Please refer to the RSPB website as your main reference.
This guide is specific to the design of the Bodging for Birds idea and it is up to you to provide suitable safety for installers and find suitable sites.
As supplied the nest boxes have a 25mm entrance hole that is suitable for blue, coal and marsh tits, but there are steps in that entrance to guide a forstner drill bit so you can modify them easily to
28 mm for great tits, tree sparrows and pied flycatchers, 32 mm for house sparrows and nuthatches, 45 mm for starlings.
With a jigsaw you could also modify them into open front nest boxes, e.g. Box with 100 mm high open front may attract robins or pied wagtails. A wren would need a 140 mm high front panel, while spotted flycatchers prefer a low 60 mm front to the box. Please use the RSPB guides for suitable locations for different bird types.
The lid of the box should be secured with a single screw, this is to prevent predators from knocking off the lid, while allowing the lid to be removed for future cleaning / maintenance. As supplied the box may be full of wood shavings, this is just to aid the drying process of the timber and should be emptied before installing.
The nest box should have a short plank screwed to the back of it which can in turn be screwed to the tree or structure that it is installed in. Rust proof screws should be used for obvious reasons, and as you will probably be standing on a ladder it makes sense to drill small holes and fit the screws to the backing board on the ground, reducing the number of hands needed once up the ladder.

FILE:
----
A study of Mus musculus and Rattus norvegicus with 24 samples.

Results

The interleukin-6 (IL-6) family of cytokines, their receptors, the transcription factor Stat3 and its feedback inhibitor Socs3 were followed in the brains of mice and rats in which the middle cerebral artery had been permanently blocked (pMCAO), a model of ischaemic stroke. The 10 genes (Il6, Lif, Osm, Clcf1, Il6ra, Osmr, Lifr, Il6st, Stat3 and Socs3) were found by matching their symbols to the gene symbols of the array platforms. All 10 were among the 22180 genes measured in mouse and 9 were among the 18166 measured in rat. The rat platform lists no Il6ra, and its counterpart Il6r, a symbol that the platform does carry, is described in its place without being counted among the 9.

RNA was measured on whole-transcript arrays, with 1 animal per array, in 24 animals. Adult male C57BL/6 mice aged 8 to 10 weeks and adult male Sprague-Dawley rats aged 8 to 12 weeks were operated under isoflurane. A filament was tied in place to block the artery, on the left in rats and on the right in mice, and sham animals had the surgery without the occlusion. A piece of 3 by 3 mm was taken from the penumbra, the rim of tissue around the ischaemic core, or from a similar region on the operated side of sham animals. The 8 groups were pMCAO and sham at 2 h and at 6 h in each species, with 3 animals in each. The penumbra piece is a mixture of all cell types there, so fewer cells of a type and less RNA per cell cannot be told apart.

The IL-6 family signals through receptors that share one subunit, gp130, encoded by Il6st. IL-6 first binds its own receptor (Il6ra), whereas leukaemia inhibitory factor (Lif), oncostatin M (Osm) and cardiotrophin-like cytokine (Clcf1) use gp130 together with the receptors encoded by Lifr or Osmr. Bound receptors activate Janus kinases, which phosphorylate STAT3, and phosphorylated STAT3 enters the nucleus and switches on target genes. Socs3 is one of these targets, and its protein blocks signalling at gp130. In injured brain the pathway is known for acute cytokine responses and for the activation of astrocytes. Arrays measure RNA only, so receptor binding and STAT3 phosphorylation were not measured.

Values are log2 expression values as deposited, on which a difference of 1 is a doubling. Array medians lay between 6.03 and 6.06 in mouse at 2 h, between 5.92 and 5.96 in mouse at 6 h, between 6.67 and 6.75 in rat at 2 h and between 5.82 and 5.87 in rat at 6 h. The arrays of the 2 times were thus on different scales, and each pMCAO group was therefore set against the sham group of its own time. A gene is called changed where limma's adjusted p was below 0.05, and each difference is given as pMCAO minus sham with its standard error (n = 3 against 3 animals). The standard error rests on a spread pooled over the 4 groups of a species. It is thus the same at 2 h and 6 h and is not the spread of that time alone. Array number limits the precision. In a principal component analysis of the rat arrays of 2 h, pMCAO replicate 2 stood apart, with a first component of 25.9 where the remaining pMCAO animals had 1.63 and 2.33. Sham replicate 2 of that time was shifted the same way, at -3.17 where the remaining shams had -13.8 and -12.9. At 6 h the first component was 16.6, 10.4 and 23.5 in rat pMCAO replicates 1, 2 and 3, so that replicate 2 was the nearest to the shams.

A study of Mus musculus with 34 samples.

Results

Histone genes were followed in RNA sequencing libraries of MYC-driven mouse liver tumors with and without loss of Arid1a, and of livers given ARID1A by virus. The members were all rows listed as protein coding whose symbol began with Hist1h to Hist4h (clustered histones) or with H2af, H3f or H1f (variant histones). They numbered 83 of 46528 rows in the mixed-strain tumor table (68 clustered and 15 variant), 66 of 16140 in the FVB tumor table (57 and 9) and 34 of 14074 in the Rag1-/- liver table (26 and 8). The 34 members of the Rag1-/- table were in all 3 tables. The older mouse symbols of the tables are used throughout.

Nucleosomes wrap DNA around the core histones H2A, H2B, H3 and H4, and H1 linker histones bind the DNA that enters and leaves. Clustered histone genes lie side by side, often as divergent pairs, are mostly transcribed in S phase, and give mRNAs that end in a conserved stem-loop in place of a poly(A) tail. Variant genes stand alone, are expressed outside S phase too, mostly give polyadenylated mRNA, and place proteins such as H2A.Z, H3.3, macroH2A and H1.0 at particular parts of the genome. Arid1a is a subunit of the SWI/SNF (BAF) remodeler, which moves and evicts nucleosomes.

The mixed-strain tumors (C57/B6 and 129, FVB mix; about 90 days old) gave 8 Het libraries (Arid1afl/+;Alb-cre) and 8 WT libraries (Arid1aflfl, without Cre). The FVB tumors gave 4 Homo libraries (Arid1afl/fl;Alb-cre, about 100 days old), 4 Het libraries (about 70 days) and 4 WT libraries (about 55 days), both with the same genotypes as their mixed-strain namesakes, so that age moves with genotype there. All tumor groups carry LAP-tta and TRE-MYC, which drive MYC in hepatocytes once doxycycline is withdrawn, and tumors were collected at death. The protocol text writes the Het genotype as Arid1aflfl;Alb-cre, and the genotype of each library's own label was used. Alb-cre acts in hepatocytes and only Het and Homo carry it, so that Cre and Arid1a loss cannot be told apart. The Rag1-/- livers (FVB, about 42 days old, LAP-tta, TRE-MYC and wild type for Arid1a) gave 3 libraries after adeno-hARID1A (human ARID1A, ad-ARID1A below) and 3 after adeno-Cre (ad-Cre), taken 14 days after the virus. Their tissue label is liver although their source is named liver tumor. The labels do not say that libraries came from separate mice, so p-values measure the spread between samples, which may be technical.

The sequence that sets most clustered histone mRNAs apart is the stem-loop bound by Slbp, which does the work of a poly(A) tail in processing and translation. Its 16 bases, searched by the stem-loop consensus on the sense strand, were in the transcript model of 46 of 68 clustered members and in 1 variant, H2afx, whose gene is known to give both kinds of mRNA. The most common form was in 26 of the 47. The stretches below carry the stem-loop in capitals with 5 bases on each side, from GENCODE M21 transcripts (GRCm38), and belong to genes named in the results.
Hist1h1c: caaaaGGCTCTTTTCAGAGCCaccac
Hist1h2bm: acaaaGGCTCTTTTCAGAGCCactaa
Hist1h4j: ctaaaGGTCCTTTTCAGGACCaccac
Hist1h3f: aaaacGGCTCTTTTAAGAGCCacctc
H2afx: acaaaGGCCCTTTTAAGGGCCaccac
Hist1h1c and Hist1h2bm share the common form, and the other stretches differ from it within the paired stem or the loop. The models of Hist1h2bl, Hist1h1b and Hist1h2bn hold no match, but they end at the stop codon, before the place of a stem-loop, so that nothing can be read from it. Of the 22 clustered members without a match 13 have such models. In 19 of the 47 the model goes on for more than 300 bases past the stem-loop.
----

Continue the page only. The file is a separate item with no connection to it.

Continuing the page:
There is space below the entrance for you to add a tracking number, or logo. Please only use water-based paint for this, wild birds are far more sensible than humans, any chemicals will prevent them from using the nesting box.
Follow up inspections, obviously you will want to know if the nesting boxes get used, if there is no sign of occupation over a year or two, perhaps you need to rethink the location or entrance modification.
Deterioration, this is untreated timber and will decay over time, it will be years before it becomes unusable, however Autumn inspections are advised. Any splits in the wood can be filled with natural fillers e.g. moss or clay and grass fibres mixed into a filling paste. Please avoid plastics and chemical fillers! After a few years the nest boxes should have the lid removed and be cleaned out, this is a good time to make repairs or replace if needed, but follow RSPB advice on timing and ensuring that the nest box is unused at the time of maintenance.